Here’s a good rule: Don’t expose your kids to stuff that’s good for them and don’t actively look for their passions. Instead, just listen and make good suggestions. The real purpose of education is for kids to learn to find their own passion – not for you to find it for them. 

1. Well-rounded kids don’t find a passion.
People justify school by saying that kids need to be exposed to a lot so they can see what they’re good at. But school is actually just five subjects. Eight as kids get older. The world is 5 million subjects. The world is way too big for us to start exposing our kids to possibilities. Because it’s too random. Or worse, it’s not random. It’s only what we the parents like. So the goal of having well-rounded kids undermines their ability to find their passion.

2. Your own passions are useless to your kids.
All the entrepreneurial ideas I’ve had for my kids ultimately failed, because—big surprise—I’m the one in the family who has a passion for building new businesses. 

I started my oldest son on violin. He had no choice. I was not a homeschooler then. And I watched my cousins all go through the Suzuki program. I wanted that for myself, but it was too late, so I started it for my son.

What I learned, just a little bit late for violin: If you think a love of [whatever you love] is important, then act on it for your own life, but don’t force it on your kid.

3. Your kids will find what they love like a cat finds water on a drought-riddled farm.
What I learned from living through a drought: If you give a cat the ability to go anywhere, they find water. If you limit them, they die. Parents restrict a kid’s ability to explore, lock the kid in school, and then decide that the kid can’t find their passion on their own.

My younger son begged for a year to also play an instrument before I gave in (I was overwhelmed by the prospect of making a second kid practice every day). Since then, he has tried voice, piano, and guitar, but he always comes back to cello. That’s his process.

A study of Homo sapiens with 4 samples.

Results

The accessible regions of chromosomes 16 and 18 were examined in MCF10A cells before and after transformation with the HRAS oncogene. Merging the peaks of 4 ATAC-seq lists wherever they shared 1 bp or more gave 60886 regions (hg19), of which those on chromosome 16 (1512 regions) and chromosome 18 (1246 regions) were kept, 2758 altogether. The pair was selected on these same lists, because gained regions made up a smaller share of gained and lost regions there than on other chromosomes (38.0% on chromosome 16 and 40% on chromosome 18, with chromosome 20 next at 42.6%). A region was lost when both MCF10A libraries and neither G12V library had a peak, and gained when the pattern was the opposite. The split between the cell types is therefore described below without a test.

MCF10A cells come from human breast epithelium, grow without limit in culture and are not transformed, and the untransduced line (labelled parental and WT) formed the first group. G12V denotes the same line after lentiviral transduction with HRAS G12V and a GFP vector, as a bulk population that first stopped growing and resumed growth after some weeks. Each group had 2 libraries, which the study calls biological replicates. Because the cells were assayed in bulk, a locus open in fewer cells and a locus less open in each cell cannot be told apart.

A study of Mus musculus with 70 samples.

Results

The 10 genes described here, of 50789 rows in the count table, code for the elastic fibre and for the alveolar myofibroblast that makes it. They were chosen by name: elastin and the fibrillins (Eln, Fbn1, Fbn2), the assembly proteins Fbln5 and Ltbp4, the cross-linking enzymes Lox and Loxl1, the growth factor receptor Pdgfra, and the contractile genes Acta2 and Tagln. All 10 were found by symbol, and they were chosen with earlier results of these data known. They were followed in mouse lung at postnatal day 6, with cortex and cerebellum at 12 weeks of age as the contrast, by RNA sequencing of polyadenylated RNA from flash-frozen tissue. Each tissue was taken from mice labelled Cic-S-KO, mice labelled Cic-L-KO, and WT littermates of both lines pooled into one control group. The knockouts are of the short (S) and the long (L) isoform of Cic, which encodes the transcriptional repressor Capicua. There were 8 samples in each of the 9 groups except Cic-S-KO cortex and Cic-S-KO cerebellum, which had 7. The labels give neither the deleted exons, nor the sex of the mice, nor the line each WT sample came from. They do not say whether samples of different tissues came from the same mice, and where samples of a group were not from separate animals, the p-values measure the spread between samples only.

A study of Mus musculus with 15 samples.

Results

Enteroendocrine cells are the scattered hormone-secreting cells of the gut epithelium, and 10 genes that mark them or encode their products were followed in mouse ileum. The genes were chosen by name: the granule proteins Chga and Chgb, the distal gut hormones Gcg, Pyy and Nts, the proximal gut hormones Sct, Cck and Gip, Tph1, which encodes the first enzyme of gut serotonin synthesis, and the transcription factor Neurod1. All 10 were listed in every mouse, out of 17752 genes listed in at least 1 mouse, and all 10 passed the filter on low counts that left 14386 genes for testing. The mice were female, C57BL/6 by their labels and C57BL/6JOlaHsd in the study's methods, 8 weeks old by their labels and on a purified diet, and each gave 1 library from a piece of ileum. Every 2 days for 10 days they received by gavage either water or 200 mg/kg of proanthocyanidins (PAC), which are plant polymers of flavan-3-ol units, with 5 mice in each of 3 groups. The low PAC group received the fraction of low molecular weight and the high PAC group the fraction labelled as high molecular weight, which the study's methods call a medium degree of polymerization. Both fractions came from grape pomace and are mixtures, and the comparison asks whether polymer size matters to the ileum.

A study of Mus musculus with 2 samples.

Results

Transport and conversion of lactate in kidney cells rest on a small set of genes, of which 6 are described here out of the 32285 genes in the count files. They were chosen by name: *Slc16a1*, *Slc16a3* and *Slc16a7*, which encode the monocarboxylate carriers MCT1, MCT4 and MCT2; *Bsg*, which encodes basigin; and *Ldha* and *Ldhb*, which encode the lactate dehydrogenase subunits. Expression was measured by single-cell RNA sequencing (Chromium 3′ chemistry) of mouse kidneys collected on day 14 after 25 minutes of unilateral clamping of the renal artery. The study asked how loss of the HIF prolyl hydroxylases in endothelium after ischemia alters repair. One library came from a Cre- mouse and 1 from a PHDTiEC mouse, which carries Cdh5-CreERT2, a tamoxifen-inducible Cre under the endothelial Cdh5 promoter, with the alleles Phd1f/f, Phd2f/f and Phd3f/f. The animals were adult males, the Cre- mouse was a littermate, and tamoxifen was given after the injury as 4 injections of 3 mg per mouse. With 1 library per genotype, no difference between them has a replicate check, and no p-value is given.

He also found baking, and at this point he does all the baking in our household. I would have never thought of baking as something that suited him, but when he bakes it’s a performance. The deserts are a spectacle, eliciting oohs and ahhs, and baking with his friends is more action-painting than careful measurements.

4. You know how to steer if you know their personality type.
My son who plays the cello is an ESFP, which means he’s a born performer, so when he was two years ahead in math by first grade, I largely ignored it because I know he’ll never make a living in academia or problem solving. That’s not him.

My older son has been playing violin since he was three. He’s good enough to be fun to listen to, but he hates performing. So I leave it up to him. INTJs don’t grow up to be performers. They are problem solvers, behind-the-scenes operators.

Those of you who say kids are too young to be so focused – you are in denial. A kid is born good at some things and bad at other things. We all are. No one can “be anything”. It’s a vapid expression left over from half-baked feminist ideas of opening doors for women.

If you want to keep everything open to your kid, your kid will have nothing; All options open means no options selected. If you steer your kid to what will feel fulfilling, your kid will learn how to find that for herself.

5. Look for patterns. Don’t reinvent the wheel.
Look for the intersection of your kid’s personality type and your kid’s interests. Help your kid stick to things he or she could be great at. (For example, my son made a gymnastics team, but he’ll be very tall, so I discouraged investing time in gymnastics when he will end up unable to compete with the  short kids.)

Many of you will be able to figure out your kid’s type by using a personality test. At about five years old you should be able to tell. Many of you will know even before that. If you want to know how to parent you particular child, I recommend taking the course I have on personality type for parents. It’s amazing to me how much easier it is to raise my kids once I understand what their definition of fulfillment is.

I see so many adults benefit from learning their type late in life. It’s so hard to know what drives us when no one taught us to ask the question.Our system is performance-based and not purpose-based. It teaches mimicry and not passion.

If we are on a mission to change that, with homeschooling, then the first step is understanding purpose. We don’t inherit our parent’s purpose. Each child has their own drivers. Find those to help your kids find their passion.